When I first started representing claimants in 1994, I also would not take a client until they had been turned down at least once. I reasoned that if someone could be approved on their initial application without an attorney, why not let them go ahead on their own and find out if their claim could be approved. They could save an attorney fee and it would not hurt their case if they did lose, so why not wait to see who really needed an attorney to help them?
But then I started to notice something. When people applied by themselves, they were making it harder to win their case by not having an attorney at the beginning to explain to them the rules of Social Security. They were unknowingly lowering the odds for success at that stage and at the appeal stages. They were not realizing that they were making strategic decisions that might ruin their claim before some administrative law judges. They did not have someone to help them figure out what was the relevant evidence that they needed to be sure they presented to Social Security. I figured out that I was wrong-people were hurting their case by not having an attorney at the beginning of their case.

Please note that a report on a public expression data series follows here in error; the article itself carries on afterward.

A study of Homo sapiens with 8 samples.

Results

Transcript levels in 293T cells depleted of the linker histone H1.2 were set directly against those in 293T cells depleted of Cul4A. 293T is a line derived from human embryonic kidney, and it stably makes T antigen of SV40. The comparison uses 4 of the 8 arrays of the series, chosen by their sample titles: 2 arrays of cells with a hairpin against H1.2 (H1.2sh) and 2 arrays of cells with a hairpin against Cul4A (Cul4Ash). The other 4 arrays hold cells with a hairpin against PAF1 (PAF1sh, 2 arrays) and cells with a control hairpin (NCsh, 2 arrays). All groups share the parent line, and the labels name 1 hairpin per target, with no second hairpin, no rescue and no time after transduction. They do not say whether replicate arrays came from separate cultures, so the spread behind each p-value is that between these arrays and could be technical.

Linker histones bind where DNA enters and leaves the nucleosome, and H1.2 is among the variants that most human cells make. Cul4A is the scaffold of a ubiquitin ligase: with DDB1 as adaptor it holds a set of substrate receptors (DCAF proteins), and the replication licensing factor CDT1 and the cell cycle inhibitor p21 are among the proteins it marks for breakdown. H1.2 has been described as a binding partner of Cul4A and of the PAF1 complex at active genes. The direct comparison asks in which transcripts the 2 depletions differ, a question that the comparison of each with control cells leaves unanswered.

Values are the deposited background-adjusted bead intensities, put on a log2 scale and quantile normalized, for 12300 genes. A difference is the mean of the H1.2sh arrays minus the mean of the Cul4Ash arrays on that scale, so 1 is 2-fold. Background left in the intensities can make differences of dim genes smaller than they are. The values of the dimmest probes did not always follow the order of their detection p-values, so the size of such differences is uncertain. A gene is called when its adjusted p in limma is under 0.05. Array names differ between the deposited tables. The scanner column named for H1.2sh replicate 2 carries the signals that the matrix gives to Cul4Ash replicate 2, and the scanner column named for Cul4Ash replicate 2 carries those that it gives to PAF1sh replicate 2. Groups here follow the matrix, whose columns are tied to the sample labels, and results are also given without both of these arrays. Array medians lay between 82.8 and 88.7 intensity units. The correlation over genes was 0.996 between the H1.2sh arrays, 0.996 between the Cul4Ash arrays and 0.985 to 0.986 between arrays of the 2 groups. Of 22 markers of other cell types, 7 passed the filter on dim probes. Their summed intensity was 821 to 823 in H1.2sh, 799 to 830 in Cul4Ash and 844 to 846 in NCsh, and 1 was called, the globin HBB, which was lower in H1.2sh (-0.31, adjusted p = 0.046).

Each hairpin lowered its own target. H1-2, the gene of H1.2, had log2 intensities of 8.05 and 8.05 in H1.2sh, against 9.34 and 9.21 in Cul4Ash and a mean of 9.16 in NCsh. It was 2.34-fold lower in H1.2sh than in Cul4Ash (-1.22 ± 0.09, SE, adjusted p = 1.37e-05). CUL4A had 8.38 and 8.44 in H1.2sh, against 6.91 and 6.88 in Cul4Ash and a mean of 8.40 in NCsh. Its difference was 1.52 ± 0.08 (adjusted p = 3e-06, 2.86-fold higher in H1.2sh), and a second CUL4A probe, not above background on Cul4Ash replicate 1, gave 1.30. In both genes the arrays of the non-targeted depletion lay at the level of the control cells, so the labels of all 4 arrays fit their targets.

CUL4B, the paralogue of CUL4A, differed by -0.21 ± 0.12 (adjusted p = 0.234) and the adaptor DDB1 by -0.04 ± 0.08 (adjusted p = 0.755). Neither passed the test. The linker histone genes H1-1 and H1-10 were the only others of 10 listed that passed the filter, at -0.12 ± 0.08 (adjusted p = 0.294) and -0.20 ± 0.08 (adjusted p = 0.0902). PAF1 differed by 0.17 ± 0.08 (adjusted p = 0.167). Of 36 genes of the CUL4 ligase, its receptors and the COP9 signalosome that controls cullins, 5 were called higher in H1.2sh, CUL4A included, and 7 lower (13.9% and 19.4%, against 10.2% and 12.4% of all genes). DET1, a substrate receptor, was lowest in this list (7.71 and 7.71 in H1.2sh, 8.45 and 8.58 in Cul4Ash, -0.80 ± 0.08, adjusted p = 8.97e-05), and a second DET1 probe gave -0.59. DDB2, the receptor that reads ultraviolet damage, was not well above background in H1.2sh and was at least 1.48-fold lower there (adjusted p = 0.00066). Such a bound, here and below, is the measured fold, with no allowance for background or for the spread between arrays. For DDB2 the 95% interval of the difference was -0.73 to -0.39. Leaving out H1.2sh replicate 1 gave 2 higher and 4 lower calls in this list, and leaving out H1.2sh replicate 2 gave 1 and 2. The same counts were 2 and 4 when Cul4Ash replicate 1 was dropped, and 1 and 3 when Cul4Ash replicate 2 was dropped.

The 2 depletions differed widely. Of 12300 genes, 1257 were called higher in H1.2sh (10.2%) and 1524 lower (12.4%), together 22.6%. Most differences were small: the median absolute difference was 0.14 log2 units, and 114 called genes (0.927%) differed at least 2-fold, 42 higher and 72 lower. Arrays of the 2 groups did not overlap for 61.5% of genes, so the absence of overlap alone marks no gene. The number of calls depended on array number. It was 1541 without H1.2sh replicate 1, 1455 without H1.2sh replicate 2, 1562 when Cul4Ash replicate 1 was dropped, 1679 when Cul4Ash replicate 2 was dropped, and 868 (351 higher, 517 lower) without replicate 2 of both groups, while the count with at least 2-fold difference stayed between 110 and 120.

Several years ago I decided that I had to start taking claimants as clients as soon as possible. Claimants needed to be represented before they filed their claim. If I made a claimant wait until they were turned down before I would represent them, their not knowing the rules put them at a disadvantage: bad evidence was created, good evidence was not brought forward, other strategic choices were being made that could not be undone, and good claims were being unnecessarily tainted with misinformation.
Do not wait to hire an attorney. Get competent help before you file so that the job will be done correctly from the beginning.
I completely agree. I have had a similar experience to Mr. Ebbinghouse, and now I strongly prefer to get involved as early as possible with a claim.